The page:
Is Suing For a Slip and Fall Injury Worth It?


Ok, so you are able to sue for a slip and fall injury… but should you? First off, the answer to this question is exceptionally personal, meaning that you are the only one who can truly answer that question; however, this is where working with a personal injury lawyer can be so helpful. Many people believe that they only need to hire a lawyer when they have decided whether or not to file a lawsuit, but this is far from the truth: in fact, insurance companies don’t want you to know, but working with an attorney during your claims process is a great way to increase your chances of settling your case.

Read more below.

Filing an Insurance Claim After a Slip and Fall

Is the responsible party covered by liability insurance that will provide you with compensation for your injuries? If so, then you will likely work through the insurance company in order to have your damages paid for. If they do not have an insurance policy (or surety bond) protecting them from liability, then you may need to file a lawsuit directly against the responsible party.

Something important to note is that it might not seem like you need an attorney to file a claim, but you will most definitely benefit from their support. The process of filing a claim is very straightforward, and working with the insurance representative throughout their investigation is generally simple enough. The problem is that this simplicity is by design, in order to keep a claimant from thinking that they need an attorney. In the background of your claim investigation, the insurance agent is working to identify every possible reason to limit your settlement amount, and when you are making statements without the support of a legal professional it can be far too easy to fall into a trap. 

If you are filing an insurance claim, it is important to know that there is no such thing as a non-negotiable offer from the insurance company. The problem arises when they are able to point to specific statements or admissions that you made during the investigation—generally, these are completely innocent and innocuous things, such as a simple apology at the scene fo the accident or mentioning to a doctor that an injury hasn’t been bothering you as much lately—and use these facts as ways to limit your award. Regardless of the supporting evidence, they will position their initial offer as the best that you can do, but your attorney will be able to go through a series of aggressive negotiations with the express goal of settling for a fair amount without needing to file a lawsuit.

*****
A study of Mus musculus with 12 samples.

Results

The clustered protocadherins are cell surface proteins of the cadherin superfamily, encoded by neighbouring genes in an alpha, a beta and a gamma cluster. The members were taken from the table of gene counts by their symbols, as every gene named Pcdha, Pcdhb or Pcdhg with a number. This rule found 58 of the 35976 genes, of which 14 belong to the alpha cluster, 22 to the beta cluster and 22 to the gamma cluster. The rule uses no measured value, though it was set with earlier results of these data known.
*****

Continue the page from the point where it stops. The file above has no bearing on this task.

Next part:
Negotiating a Settlement After a Slip and Fall

After the insurance company concludes their investigation and is ready to make an offer, your attorney will return with their own research and supporting evidence as to why you deserve the amount that they have calculated, which will be shockingly higher than the insurance company’s offer. Your lawyer will account for the non-economic damages of your accident, such as your pain and suffering and any impacts on your quality of life–all of which the insurance company will happily look over if left to their own devices.

This negotiation period is another perfect example of why it is so important that you hire an attorney as soon as you are injured: they will be able to do their own investigation at the same time that the insurance company is doing theirs. If you wait until you get your initial offer from the insurance company to hire a lawyer, they will have to work hard to catch up on the necessary work, meaning that you are starting at a disadvantage.

Some estimates claim that as many as 95% of personal injury claims are settled before reaching trial. These numbers are difficult to substantiate because settlements generally do not need to be made public, but regardless of what the actual percentage is, you have a statistically-significant chance to settle before needing to go through a full lawsuit. 

Filing a Lawsuit After a Slip and Fall

If the responsible party does not have an insurance policy in place meant to protect them from liability for an injury like yours, then you will likely need to seek compensation directly from them. This is best done with an attorney since you can be certain that they will have their own legal representatives working tirelessly to limit or completely deny your requests for damages.

In the more likely case that you are working with an insurance company, you and your attorney will most likely attempt to settle the case before needing to file a lawsuit, since lawsuits are time-consuming, costly, and ultimately take the decision out of your (and the defendant’s) hands and into the courts. However, if you find that you are either unable to reach a settlement agreement through negotiations, or if you are running against the statute of limitations and have yet to reach an agreement, then filing a lawsuit may be the most appropriate course of action.

Remember that it typically is not the immediate goal of a personal injury to file a lawsuit; instead, personal injury attorneys will work with insurance companies, the defendant, or any other relevant party in order to reach a private settlement agreement. This is typically the option championed by everyone involved, meaning that answering the question of whether or not you should sue is likely not the first question that you will need to answer.